Spike Lee speaks to students about chasing their goals

Film director Spike Lee spoke to students and community members Tuesday night about his film career and advised students to follow their dreams.

In 1989, Spike Lee’s epochal Do the Right Thing, a manic meditation on race and morality on the hottest day of the year in Lee’s native Brooklyn, was heralded as a film that was wildly in sync with its times. According to Roger Ebert, one of the film’s earliest champions, Do the Right Thing was one of the most earnest reflections of modern race relations to hit theaters in years. The film felt fiercely modern.

Photo: Michael Lu
Renowned film director Spike Lee spoke to students in the Goldstein Auditorium Tuesday night.

But Tuesday night, while addressing a packed house in Goldstein auditorium, Lee referred to himself as an old man—“all fuddy duddy.”

Lee, who was asked to come to Syracuse on behalf of the National Pan-Hellenic Council, spent most of the first hour acting as a pseudo-motivational speaker. He asked the council to eschew the “three-page” biography they’d prepared and instead jumped right into the recurrent theme of the evening: “The problem today is that we’re championing ignorance,” Lee said. “We should be championing excellence.”

Although Lee’s legacy is rooted in his zeitgeist-seeking films, it was the outspoken, often invidious social activist side that students were eager to see.

“Mr. Lee is one of my personal heroes,” said Malcolm Whitfield, a sophomore art photography major. “He’s an important social figure, a militant speaker, and a man of action. That’s something we need right now.”

The auteur briefly discussed how he discovered his passion for film the summer between his sophomore and junior years of high school, continued to hone his skills at Morehouse College, and eventually learned “film grammar” at NYU, where he earned an MFA in Film & Television, but he didn’t harp on filmmaking; rather, he explained how he was only able to follow his dream because of the support supplied by his family. Lee kept circling back to the idea of education and love as the basic necessities for success. He often repeated variations of, “Do what you wanna do” and advised students to not let their parents pressure them into enrolling in classes exclusively for the promise of a big money-making career: “Parents kill more dreams than anybody.”

 “It was inspirational,” said Aminah Ibrahim , a television, radio, film junior. “I’ll remember his ‘get the negativity out’ comment, and ‘do what you wanna do.’ He’s just a regular guy and he wants the best—for his family, and for us.”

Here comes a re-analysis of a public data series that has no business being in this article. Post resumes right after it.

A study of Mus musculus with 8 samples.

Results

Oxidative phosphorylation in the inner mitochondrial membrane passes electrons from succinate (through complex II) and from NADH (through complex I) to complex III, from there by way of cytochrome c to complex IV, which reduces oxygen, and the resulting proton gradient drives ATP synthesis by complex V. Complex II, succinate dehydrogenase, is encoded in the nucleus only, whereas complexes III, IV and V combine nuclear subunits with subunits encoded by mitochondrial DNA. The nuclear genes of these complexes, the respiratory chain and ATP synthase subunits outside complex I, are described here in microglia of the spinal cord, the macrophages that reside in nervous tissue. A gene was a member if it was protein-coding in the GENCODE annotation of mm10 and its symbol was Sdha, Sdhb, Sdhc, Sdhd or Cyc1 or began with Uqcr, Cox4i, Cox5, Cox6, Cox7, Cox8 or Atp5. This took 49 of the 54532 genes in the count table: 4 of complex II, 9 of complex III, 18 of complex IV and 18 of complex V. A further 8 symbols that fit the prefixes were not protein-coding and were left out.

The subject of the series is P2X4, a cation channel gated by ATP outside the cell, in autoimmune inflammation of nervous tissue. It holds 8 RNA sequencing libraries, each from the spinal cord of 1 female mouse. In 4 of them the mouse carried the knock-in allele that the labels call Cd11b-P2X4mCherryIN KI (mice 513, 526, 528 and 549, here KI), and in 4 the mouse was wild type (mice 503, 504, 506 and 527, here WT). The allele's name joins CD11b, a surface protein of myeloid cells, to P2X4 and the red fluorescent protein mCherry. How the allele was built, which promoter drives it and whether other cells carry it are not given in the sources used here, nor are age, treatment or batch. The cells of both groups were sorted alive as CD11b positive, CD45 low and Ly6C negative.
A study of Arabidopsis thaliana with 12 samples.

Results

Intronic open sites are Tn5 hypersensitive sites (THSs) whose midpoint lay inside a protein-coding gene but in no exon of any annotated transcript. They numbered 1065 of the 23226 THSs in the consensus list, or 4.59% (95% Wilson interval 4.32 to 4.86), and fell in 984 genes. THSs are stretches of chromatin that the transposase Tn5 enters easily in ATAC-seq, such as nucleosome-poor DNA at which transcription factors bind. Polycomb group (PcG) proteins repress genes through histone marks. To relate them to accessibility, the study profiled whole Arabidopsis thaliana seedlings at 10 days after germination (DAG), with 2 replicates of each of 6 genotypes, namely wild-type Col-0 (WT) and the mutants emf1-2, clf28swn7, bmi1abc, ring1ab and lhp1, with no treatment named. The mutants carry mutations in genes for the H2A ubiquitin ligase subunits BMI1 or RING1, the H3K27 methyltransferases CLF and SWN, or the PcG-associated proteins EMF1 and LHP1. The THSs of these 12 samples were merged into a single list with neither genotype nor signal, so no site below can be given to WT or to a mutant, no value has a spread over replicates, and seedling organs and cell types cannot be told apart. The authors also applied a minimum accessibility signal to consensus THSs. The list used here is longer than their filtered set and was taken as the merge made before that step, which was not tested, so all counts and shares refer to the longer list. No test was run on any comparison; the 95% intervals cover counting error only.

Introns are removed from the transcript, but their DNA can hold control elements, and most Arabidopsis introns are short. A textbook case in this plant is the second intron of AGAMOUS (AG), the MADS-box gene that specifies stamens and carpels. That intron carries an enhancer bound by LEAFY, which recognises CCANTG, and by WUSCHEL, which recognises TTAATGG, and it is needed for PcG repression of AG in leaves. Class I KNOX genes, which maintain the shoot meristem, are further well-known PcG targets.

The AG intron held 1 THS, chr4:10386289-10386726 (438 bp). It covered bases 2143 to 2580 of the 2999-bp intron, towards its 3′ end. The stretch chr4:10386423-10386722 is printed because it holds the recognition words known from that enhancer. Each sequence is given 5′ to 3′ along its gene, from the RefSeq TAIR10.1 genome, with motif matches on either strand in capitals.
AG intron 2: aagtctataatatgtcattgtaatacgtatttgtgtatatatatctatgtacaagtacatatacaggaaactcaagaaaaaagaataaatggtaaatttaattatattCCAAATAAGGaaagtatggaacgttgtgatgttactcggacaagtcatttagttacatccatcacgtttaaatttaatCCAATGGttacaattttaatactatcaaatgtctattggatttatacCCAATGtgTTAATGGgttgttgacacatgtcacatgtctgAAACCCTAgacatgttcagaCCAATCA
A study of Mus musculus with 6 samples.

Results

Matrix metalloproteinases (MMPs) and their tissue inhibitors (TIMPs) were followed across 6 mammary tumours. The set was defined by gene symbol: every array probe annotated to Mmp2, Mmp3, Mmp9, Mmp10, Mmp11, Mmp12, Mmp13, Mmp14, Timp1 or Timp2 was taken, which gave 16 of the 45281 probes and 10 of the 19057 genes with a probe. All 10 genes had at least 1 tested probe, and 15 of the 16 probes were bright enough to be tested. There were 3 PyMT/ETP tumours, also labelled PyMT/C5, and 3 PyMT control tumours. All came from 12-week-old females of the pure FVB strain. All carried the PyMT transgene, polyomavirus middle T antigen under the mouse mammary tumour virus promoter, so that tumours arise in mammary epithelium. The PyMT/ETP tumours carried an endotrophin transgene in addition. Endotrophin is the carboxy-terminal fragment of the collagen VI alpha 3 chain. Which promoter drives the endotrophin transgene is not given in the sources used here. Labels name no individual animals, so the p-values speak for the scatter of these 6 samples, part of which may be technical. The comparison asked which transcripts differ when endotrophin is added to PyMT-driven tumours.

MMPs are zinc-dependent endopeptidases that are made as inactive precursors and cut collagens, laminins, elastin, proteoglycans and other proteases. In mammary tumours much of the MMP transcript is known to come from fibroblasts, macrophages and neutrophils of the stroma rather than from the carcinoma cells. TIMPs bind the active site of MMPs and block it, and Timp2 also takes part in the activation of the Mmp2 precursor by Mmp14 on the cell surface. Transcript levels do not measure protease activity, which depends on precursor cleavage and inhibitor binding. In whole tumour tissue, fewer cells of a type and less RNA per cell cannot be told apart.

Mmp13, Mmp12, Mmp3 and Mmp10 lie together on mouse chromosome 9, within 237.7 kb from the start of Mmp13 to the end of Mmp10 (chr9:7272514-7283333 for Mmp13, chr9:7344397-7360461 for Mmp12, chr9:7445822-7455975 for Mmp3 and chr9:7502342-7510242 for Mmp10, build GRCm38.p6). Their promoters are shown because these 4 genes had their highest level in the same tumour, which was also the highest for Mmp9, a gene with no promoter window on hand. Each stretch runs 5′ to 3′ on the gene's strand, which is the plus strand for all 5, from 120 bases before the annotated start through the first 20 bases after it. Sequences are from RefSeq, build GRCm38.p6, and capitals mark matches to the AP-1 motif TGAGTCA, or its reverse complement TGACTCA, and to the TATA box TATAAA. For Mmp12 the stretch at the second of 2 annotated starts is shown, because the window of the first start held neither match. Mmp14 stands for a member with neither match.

“I was part of the BC era—before crack,” Lee said, in a serious monologue laced with his singular humor. “We never ridiculed someone for being smart. I want you to remember this: be a better critical thinker.”

Attendees will undoubtedly remember one more piece of advice he gave: “Motherf*ckers that are negative got to go.”

Not all was golden during Lee’s lecture, though. He was evasive of questions regarding Quentin Tarantino, whose vulgarity-steeped spaghetti-western-slave-revenge-flick Django Unchained Lee openly decried, citing its profuse use of the “N-word” and cartoonish depiction of slavery as misrepresentative of a serious historical period.

He also drew an unfavorable response when he took jibes at fraternities. His experience with Greek Life at Morehouse played an integral part of his first major film School Daze and he expressed surprise—and dismay—that fraternities are still the same today. “I made that mother*cker thirty years ago!”

But even here Lee turned his comments into a plea to be yourself and not to let anyone manipulate or alter your identity. (He also danced, briefly, which broke the tension.)

Of course Lee occasionally veered into digressive musings on the New York Knicks—he assured the audience that the Knicks were “gonna kick the Celtics’ ass” and was shocked to hear that the team signed Quentin Richardson earlier that day—but Lee mostly kept his focus on the importance of education and familial support, asking students to hug their teachers and thank them for all they do. (Lee has been teaching at NYU for twenty years; his mother and grandmother were also educators.)

Lauren Teng, a television, radio, film junior said, “He was personable, honest, and human. He’s a tomb of knowledge and experience.”

Lee asked that if students take home anything, they should remember to work hard and chase their dreams.

“Find what it is you love,” Lee said, pausing mid-sentence as if waiting for his thoughts to catch up, “And do it.”